What's Missing in Your Workout?

By Shane Sauer

If you’re reading this, chances are you are a person who currently exercises, used to exercise and wants to get back to it, or is thinking about starting exercise.  Whichever grouping you fall under, take a moment and ask yourself this question, “Why should I bother?”

Whatever your answer to this question is, I believe that it can be boiled down to a desire to maintain or increase your ability to move.  If you currently exercise, you probably enjoy the time you spend moving.  If you’re trying to get back to exercise, you probably stopped due to injury or other life distractions and miss the activities you used to enjoy.  If you’re just now considering exercise, there’s likely a motivating factor like climbing the stairs or chasing the kids without being in pain or out of breath.  Whatever your perspective is, I think we can all agree that moving better makes life easier and more fun. 


Switching gears a little bit, let me tell you the story of a nifty little animal, the sea squirt. (OK, it’s a big shift in gears, but trust me, it will all make sense in the end.)  This picture is of an adult sea squirt.  It has happily affixed itself to a location where the ocean current brings it all the nutrients it needs to survive.  Once upon a time, however, things weren’t so easy for the sea squirt.  As a baby, it was moving around the ocean looking for a spot to settle down.  To help it find just the right place, the baby sea squirt had a primitive brain and nervous system.  Putting this brain to good use, the sea squirt picked its current home and put down some roots.  Not having to worry about movement anymore, the sea squirt then “ate” its own brain. (Remind you of anyone you know?)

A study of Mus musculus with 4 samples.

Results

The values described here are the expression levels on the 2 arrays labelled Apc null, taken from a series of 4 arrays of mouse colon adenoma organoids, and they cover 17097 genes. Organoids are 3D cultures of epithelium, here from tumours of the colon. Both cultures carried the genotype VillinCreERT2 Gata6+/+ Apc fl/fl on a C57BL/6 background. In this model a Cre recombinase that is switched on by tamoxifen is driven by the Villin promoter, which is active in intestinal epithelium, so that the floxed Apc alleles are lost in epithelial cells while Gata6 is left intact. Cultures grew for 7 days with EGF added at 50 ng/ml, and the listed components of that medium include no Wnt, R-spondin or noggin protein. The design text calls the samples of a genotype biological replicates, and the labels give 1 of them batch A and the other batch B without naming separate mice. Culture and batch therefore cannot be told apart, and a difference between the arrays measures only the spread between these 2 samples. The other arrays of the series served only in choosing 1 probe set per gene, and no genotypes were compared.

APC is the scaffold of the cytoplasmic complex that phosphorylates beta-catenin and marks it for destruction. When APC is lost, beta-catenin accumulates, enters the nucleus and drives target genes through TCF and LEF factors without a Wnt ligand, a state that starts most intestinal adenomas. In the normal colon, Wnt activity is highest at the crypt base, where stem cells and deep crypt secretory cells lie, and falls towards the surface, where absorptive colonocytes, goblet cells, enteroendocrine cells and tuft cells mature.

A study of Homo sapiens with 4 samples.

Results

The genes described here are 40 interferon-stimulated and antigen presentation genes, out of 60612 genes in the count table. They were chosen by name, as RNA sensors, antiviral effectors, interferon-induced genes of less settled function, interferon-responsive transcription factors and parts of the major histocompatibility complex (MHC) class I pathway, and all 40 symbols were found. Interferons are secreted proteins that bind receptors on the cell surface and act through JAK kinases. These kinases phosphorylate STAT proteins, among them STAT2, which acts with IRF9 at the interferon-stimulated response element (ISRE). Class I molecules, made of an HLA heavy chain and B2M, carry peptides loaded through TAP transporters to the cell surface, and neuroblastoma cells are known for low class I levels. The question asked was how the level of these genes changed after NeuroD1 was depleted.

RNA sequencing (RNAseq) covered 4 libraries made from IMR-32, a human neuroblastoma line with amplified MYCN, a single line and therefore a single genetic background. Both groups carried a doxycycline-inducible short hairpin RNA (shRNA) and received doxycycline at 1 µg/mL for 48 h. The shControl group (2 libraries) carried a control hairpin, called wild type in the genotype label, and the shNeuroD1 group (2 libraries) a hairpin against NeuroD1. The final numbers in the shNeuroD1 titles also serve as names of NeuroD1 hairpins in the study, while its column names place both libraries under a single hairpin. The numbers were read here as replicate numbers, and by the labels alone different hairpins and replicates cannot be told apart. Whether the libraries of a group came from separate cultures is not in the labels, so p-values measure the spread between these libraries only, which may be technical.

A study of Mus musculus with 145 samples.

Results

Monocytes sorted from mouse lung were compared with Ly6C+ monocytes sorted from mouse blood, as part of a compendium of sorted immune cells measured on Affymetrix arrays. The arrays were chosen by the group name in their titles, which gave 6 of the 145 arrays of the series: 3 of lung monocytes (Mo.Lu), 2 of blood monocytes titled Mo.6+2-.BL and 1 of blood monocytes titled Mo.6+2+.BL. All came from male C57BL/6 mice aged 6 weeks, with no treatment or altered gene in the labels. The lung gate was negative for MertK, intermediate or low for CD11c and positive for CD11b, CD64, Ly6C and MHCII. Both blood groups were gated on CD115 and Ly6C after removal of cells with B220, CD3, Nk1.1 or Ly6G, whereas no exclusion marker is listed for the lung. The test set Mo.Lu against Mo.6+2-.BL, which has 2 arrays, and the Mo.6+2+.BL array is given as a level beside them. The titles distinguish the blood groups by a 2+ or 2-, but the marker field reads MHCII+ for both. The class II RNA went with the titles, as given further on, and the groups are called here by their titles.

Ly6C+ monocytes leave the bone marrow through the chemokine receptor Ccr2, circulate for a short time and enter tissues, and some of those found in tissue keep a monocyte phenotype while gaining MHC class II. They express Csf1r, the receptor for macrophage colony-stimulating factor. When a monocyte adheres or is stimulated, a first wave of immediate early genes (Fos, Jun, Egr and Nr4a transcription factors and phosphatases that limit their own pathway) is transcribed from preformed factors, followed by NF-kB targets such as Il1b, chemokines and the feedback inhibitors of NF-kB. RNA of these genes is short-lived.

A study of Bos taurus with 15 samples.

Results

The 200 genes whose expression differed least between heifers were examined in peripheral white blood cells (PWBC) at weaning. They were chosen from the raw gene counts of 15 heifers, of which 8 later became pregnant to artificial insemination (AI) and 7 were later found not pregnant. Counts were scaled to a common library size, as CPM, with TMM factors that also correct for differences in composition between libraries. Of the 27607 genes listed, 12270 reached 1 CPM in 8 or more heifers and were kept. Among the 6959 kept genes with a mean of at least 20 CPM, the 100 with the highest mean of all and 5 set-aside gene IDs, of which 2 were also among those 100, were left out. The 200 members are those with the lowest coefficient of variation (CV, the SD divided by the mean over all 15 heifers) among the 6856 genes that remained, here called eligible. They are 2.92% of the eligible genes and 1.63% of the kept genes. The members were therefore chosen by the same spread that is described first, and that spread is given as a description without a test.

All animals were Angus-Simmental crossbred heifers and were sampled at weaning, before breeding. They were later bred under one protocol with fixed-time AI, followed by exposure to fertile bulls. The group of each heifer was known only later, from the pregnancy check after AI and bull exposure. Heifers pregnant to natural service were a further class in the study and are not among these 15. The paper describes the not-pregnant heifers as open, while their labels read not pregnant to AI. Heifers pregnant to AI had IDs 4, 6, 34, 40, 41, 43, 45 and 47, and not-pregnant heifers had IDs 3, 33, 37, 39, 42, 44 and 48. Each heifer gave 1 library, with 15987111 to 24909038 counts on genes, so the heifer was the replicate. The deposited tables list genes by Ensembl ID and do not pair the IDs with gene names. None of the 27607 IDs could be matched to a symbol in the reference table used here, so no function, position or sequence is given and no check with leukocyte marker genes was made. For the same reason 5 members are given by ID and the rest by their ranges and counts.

The story of the sea squirt illustrates how important the brain and nervous system are for movement.  As humans, we have the ability to travel the world and negotiate innumerable obstacles.  The source of this ability is the functioning of our complex brain and nervous system.

Now, just as I boiled the reason for exercise down to better movement, I’ll boil the complexity of the brain down into 3 functions:

1.       Receive information from the body and the environment.

2.       Interpret this information based on previous experiences.

3.       Create an action (movement, speech, thought, etc.) based on the interpretation.

In summary, we exercise to move better and our brain is responsible for the control of our movement.  Movement, however, is the last step in a three-step process of brain function.  So, if you’re out walking and counting steps or in the gym counting reps, you’re only training with one-third of the tools available to you for exercise.  By learning how to train the way your brain receives information and interprets that information you can improve your capacity for movement.

What’s missing from your workout?  Over the next few weeks, I’ll dig deeper into these different functions of the brain and provide you with some of the tools for training them.  For now, remember that having a partial toolbox is better than being empty handed and to just keep moving because movement is essential to human life.

Check out this video that exapnds on and takes a deeper look at the information presented in this blog.
You can also find other videos from MATRIX Personalized Fitness on YouTube.